The Delicate Balance Between Grace and Accountability

  1. Introduction
  2. The Delicate Balance Between Grace and Accountability
  3. The Delicate Balance Between Transparency and Confidentiality
  4. The Delicate Balance Between Likeability and Friendship

grace [ɡrās] NOUN: Undeserved favor

I’ve been granted a lot of grace in my life – both in personal situations and in more than a few career situations. I once hired the wrong guy!  He had the same name as the guy I intended to hire, somewhere wires got crossed and I hired a man who was about to get fired instead of the man who was an expert in his field.  These things happen  (though thankfully, not very often). I was fortunate to be granted grace for that one.

Sometimes, however, we grant too much grace. Whether because we like someone, to avoid a difficult conversation, or simply because they really need the job, we can overlook the failings or shortcomings of our employees. Everyone deserves a second chance, so they deserve the opportunity to make amends for the occasional mistake.  That’s grace.

Where we fall short in our leadership responsibilities is when we grant grace to avoid a real problem.

  • If we have an employee who’s not cutting it, they need development, perhaps through more training or oversight.
  • If there’s a mismatch of talent, a chronic performance problem, negligence, a bad attitude or ethical issues, then they need accountability.

Sometimes a tough conversation is necessary.  It may start with a performance improvement plan, putting the employee on notice, or even a dismissal.  What we can’t do as leaders is avoid, transfer or hand the problem off to someone else to manage.  It’s our responsibility to manage our employees.

To successfully have tough conversations and provide accountability, we need to have compassion and clarity.

  • Compassion shows that we’re talking about the behavior, not devaluing the person. The issue is timeliness, tardiness, thoroughness, or skills, not character.  The person is still a valuable, resourceful human being and should be treated with respect.
  • Be clear.  Be direct. Be concise. Give specific examples.  Don’t mince words. Don’t talk indirectly.    Don’t be vague and above all, don’t leave them guessing what that conversation was about. You can be respectful and still be clear in your message.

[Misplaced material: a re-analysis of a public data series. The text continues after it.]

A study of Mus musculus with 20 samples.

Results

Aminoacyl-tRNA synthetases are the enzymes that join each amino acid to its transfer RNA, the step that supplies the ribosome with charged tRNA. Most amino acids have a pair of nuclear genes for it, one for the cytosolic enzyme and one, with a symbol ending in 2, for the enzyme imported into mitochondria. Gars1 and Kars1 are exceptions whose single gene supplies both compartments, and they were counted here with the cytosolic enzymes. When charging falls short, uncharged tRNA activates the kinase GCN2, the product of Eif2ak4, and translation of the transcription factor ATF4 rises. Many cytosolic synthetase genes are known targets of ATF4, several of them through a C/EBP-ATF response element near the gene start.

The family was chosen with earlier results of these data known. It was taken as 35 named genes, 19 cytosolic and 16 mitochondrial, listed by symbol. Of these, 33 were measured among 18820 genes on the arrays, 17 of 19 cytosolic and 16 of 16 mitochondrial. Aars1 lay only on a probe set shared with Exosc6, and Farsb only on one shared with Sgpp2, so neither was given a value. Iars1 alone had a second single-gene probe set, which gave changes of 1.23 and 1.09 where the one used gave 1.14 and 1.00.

Long ago I took over a new department.  My boss told me to make sure that “John” (not his real name) was planning to leave the company.  My boss said that they’d had the performance conversation and he’d told John he wasn’t performing, it wasn’t a fit and that he had three months to leave.

Hmmmm…I thought.  I had a gut feeling that John didn’t see it that way.  I took John to lunch and explored with him what he felt he had received as a performance discussion.  He thought the message was that he had some areas to improve, but overall it was ok.

That confirmed my thoughts. John had no idea he was supposed to leave.  So guess who had to tell him.  Well, I did.  And I told him with compassion and clarity such that he knew what he needed to do.  He began looking for other jobs and in a short period of time he had found another job at a company where he fit in much better and his job was more aligned with his skills.  He went on to be quite successful in that company.

As a leader, there is a time for grace and a time for accountability.

When we hold people accountable, with compassion and clarity, we give them the opportunity to  rise to their full potential.


Susan Hodge

Susan Hodge created Women Leading Together in order to provide one-on-one executive coaching, seminars, workshops, and coaching circles to help career women move forward to create fulfilling professional lives. Visit our website for upcoming programs, articles, and resources to advance your career.